The Manager's Corner
by Emily Morrow
Future proofing your business
Buckle your seatbelt. Snugly. 2017 will be a fast-paced, bumpy ride into an uncertain future. What has worked well for your business to date may not be sufficient to get your business to where it needs to be (or even maintain the status quo).
Wikipedia defines “future proofing” as “the process of anticipating the future and developing methods of minimizing the effects of shocks and stresses of future events.” The need to future proof your business internally and externally is compelling. By “internal,” I mean how your business functions day-to-day: how things are managed and people interact, what gets done, and how it gets done. By “externally,” I mean how your business interacts with external constituents, what work you do, business development, and the like.
Internal future proofing
The two most important components of an internally future-proofed business are having 1) a high-performance culture and 2) an optimal governance structure.
1. High-performance culture. A business with a high-trust culture invariably has a high-performance culture. Things get done well, people communicate with each other efficiently and effectively, morale and retention are high, leadership is respected and trusted, people look forward to coming to work, and the office is an employer of choice.
Having a high-performance culture is an outcome of everything that happens within a business, rather than an objective. By focusing on developing high-trust professional relationships, a business will develop a high-performance culture. The following are characteristics of high-trust organizations:
• Interaction. Professional interactions that foster a high-trust culture occur appropriately and frequently and are tailored to the situation.
• Disclosure. When everyone shares appropriate information and explains why the information matters, high-trust relationships develop.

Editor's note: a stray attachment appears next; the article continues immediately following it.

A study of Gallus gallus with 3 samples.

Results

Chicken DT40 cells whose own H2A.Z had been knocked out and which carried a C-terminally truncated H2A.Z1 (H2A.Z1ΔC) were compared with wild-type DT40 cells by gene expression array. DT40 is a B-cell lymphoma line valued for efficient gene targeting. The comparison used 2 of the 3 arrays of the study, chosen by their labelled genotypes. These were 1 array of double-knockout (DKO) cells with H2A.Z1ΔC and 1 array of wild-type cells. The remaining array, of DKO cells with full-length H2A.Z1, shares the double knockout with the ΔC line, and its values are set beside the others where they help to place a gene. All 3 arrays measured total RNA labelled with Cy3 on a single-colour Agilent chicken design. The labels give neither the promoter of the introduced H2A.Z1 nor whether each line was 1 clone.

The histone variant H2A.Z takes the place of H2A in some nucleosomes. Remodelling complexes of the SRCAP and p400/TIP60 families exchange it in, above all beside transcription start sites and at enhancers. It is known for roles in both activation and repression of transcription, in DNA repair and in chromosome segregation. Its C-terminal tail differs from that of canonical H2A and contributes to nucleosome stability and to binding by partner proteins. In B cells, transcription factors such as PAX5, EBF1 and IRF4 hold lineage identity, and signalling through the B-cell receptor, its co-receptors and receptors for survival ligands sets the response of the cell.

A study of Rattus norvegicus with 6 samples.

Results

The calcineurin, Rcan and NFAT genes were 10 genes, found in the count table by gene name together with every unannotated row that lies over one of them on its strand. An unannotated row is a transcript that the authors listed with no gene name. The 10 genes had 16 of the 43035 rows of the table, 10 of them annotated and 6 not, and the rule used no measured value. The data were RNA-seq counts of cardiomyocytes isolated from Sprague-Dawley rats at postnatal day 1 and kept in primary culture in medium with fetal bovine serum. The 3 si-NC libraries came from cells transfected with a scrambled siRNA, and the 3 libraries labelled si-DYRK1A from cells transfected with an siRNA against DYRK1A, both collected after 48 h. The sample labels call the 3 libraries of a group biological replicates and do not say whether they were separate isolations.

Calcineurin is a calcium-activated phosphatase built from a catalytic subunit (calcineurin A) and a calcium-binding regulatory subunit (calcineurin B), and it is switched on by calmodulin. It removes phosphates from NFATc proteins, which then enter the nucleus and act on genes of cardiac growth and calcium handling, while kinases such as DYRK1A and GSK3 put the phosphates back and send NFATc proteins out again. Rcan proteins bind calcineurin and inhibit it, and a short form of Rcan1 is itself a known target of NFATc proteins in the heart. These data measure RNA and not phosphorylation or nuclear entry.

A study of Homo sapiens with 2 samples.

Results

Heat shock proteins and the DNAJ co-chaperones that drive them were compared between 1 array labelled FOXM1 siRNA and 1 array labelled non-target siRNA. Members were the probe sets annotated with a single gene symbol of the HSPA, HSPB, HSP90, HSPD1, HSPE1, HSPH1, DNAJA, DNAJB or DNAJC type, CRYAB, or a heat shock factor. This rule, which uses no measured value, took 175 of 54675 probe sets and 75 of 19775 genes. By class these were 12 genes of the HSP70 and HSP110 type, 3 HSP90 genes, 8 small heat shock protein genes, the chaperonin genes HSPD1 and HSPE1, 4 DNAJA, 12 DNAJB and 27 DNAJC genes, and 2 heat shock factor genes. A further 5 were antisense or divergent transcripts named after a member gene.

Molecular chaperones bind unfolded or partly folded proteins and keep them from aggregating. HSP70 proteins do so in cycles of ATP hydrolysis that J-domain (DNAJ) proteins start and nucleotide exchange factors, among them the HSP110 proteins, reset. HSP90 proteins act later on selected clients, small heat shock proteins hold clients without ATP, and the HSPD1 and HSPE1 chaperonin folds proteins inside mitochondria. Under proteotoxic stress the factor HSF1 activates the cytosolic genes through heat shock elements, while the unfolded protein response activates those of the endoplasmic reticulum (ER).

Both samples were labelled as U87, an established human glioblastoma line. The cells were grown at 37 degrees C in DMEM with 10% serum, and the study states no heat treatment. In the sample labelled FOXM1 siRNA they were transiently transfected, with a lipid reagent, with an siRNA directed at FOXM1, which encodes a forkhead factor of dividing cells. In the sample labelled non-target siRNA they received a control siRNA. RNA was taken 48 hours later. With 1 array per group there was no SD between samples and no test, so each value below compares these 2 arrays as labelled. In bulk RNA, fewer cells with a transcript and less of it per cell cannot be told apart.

• Flexibility. This means things can be accomplished in various ways and by being open-minded when one collaborates with others.
• Consistency over time. It’s important to be consistently consistent in your work interactions with other people over time. Building trust is cumulative and iterative.
• Good intentions. The first four characteristics will not alone build high-trust professional relationships without good intentions. Leadership must genuinely seek positive outcomes and want to support everyone’s success.
2. Optimal governance structure. A governance structure is based on a small group of individuals (accountable to a wider group) who are responsible for the running of an organization, and consists of agreed-upon rules, practices, and processes. It aligns with and consistently reinforces a high-performance culture.
External future proofing
The key to externally future proofing your business is the ability to be reasonably prescient — to know what information really matters, put it in context, and make, and act on, informed and accurate guesses about what will happen in the future.
Some businesses have leaders who are naturally adept at doing internal and external future-proofing analyses. Others may lack the internal capability to do so. In either case, a retreat can be an excellent way to begin the process. Because such discussions can be challenging, it can be helpful to have a capable external facilitator to keep the conversation focused, positive, and productive.
Business future proofing is a moving target. However, if you don’t start the process, you are less likely to prosper in the rapidly approaching future. Is your business ready for it? •
Emily Morrow, JD (www.emilymorrow.com) of Shelburne and Auckland, New Zealand, provides tailored consulting services to business owners, professional practice firms, executives, and HR personnel.